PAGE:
Over the past year our High School Designer, Jonathan Santos Silva, has led a team to design a world-class high school for our scholars. His design work was born out of an incredible advisory committee that met in the spring of 2013.
When Jonathan joined BVP in the summer, he worked under the direct supervision of Dr. Lori McEwen, BVP’s Director of Academics and soon to be the Chief of Instruction, Learning, and Equity at Providence Public Schools. Supporting Jonathan on a near full-time basis was Lina Musayev, a Broad Resident with expertise in policy and project management and Sinnjinn Bucknell, a Brown Urban Education Policy graduate student. In addition, the BVP high school (like all of our schools) has been and will remain a key priority for the entire BVP leadership team. Indeed, the BVP High School is an A-Team!
Jonathan’s preparation to launch the high school ranged from meeting with current scholars and families to participating in trainings and convenings across the country. He and members of his team have observed and interviewed Rhode Island principals, nationally renowned schools, and many hidden gems around the country that are doing incredible work but have yet to earn the reputation that they may deserve. With strategic and financial support from Charter School Growth Fund, Next Generation Learning Challenges, the Rhode Island Foundation and the Nellie Mae Education Foundation, the BVP High School is sure to be phenomenal.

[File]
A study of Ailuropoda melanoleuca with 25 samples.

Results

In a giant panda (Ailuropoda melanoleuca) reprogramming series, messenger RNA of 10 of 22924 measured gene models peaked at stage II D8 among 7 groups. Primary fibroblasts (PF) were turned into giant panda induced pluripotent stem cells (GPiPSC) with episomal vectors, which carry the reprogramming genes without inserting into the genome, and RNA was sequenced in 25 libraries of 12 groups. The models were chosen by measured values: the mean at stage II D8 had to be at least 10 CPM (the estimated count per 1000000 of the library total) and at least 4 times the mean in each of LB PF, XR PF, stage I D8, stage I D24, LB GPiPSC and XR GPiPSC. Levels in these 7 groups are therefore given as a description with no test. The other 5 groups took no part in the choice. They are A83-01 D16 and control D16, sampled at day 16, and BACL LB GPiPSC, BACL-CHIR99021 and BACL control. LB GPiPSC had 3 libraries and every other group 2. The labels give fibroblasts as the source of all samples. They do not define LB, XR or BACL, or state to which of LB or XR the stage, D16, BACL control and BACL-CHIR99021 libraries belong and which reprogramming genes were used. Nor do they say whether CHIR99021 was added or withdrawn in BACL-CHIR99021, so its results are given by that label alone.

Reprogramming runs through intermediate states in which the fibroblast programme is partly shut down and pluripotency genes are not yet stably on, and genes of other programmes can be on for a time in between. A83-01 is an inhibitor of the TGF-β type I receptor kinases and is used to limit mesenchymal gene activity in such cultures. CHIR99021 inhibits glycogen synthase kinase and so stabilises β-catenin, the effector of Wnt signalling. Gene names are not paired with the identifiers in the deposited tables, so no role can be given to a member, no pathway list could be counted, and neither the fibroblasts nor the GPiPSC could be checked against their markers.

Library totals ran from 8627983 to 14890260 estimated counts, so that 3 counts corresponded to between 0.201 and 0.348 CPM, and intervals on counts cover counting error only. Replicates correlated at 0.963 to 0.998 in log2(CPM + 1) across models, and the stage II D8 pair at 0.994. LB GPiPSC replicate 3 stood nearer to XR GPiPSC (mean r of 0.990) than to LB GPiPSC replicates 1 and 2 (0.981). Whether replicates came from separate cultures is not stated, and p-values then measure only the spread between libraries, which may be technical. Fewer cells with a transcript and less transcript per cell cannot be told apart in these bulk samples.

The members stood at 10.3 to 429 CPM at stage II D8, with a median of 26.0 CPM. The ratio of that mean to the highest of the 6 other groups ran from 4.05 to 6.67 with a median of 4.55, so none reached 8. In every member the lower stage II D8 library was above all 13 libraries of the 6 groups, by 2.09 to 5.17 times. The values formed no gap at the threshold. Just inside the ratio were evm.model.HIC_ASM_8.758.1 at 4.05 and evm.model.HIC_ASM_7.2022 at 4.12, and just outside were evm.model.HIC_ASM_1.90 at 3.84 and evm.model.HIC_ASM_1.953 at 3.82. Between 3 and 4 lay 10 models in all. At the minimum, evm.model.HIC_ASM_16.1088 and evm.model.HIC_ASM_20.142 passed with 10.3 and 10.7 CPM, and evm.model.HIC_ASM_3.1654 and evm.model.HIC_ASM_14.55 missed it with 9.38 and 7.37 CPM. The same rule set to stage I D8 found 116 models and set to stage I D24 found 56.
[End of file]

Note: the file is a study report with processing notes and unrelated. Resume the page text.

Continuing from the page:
A recent Valley Breeze article noted that the BVP High School “will not be immediately accredited.” [emphasis added] It is imperative to underscore two things about this:
- Jonathan correctly noted that BVP High School will offer everything that an accredited school offers, and
- It is actually impossible for BVP High School to be accredited at this point in time. To be sure, a school must be in operation for at least a year in order to apply to be a Candidate for Accreditation. Then, the school must spend at least 18 months as a Candidate in order to be considered for accreditation. Moreover, schools that are growing one grade per year, like BVP High School, are often encouraged to wait to apply to be a Candidate for Accreditation until they have a graduating class. That said, we are building BVP High School with NEASC accreditation in mind.
To all the families of our nearly 1,200 scholars next year, I continue to be humbled by your trust and look forward to the exciting work that's ahead.
As always, feel free to reach out to me or Jonathan with any questions you may have.